Salon has a fascinating piece on Abercrombie & Fitch head honcho Mike Jeffries today. The article pointed to a string of adjectives that reminded me of Howard Hughes: “driven, demanding, smart, intense, obsessive-compulsive, eccentric, flamboyant and, depending on whom you talk to, either slightly or very odd.” Sure, he “always goes through revolving doors twice, never passes employees on stairwells, parks his Porsche every day at the same angle in the parking lot (keys between the seats, doors unlocked)” but greatness is often accompanied by a measure of insanity. What was most amazing was his Machiavellian candor:
“In every school there are the cool and popular kids, and then there are the not-so-cool kids,” he says. “Candidly, we go after the cool kids. We go after the attractive all-American kid with a great attitude and a lot of friends. A lot of people don’t belong [in our clothes], and they can’t belong. Are we exclusionary? Absolutely. Those companies that are in trouble are trying to target everybody: young, old, fat, skinny. But then you become totally vanilla. You don’t alienate anybody, but you don’t excite anybody, either.”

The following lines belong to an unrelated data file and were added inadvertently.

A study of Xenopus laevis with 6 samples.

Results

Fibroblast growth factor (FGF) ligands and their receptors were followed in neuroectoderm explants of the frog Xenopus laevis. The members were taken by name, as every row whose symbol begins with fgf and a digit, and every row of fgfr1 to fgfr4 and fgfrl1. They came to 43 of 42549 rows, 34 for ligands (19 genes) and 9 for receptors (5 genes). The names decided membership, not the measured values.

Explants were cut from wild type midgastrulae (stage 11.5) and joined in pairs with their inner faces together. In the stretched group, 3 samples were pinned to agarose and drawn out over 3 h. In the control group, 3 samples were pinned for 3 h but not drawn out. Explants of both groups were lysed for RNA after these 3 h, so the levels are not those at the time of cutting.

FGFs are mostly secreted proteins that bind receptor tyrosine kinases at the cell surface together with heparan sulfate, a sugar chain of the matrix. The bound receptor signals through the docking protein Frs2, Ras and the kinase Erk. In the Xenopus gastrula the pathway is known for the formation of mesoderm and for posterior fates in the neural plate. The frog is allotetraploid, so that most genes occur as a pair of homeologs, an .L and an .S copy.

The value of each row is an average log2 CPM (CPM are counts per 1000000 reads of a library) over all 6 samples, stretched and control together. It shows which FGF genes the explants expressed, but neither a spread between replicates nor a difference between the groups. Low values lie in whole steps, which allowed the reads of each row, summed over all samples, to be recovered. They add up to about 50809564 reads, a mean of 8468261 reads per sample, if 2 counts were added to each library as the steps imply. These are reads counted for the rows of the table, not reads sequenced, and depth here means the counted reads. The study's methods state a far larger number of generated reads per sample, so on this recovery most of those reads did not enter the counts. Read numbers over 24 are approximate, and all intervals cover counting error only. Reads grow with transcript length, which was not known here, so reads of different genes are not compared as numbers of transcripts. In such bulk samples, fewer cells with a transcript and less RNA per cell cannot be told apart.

I’m sure that quotation will enrage most people, but again I say, “why is this surprising to anyone?” If you have any awareness of the insipid, fascist behemoth that is Abercrombie & Fitch, you know that it has to be led by someone like Jeffries. He has sold America an almost Aryan Ideal of fashion. It’s a wonder they haven’t started performing eugenics experiments on their employees. Actually, scratch that, they practice a commercial form of it:
For example, when I ask him how important sex and sexual attraction are in what he calls the “emotional experience” he creates for his customers, he says, “It’s almost everything. That’s why we hire good-looking people in our stores. Because good-looking people attract other good-looking people, and we want to market to cool, good-looking people. We don’t market to anyone other than that.”
Still I admire the guy’s honesty. He’s a complete ass and he’s proud of it. His success has justified his worldview.
As a sidenote, the piece also mentions a dedication to “the brand,” and I just want to say that, as someone who works in a marketing-related field, I pity anyone who depends entirely on brand awareness for their survival. To say that your brand is more important than your product means that your product isn’t good enough at setting itself apart from the competition, so you have to convince people that your brand is somehow special in some unquantifiable way.
Which leads me to this: judge clothing by clothing, not by what store you buy it in. People who insist on only shopping at certain “lifestyle brand” stores are fools who have been hypnotized by the Convincing John of advertising. If you assign any portion of your identity to a store in a mall, you have lost a part of your soul. Except of course, for Chick-fil-A, which is the nectar of the Gods, as everyone knows.
1.) God bless you, Jim Henson, for creating this character and helping to make kids aware of his presence in our culture.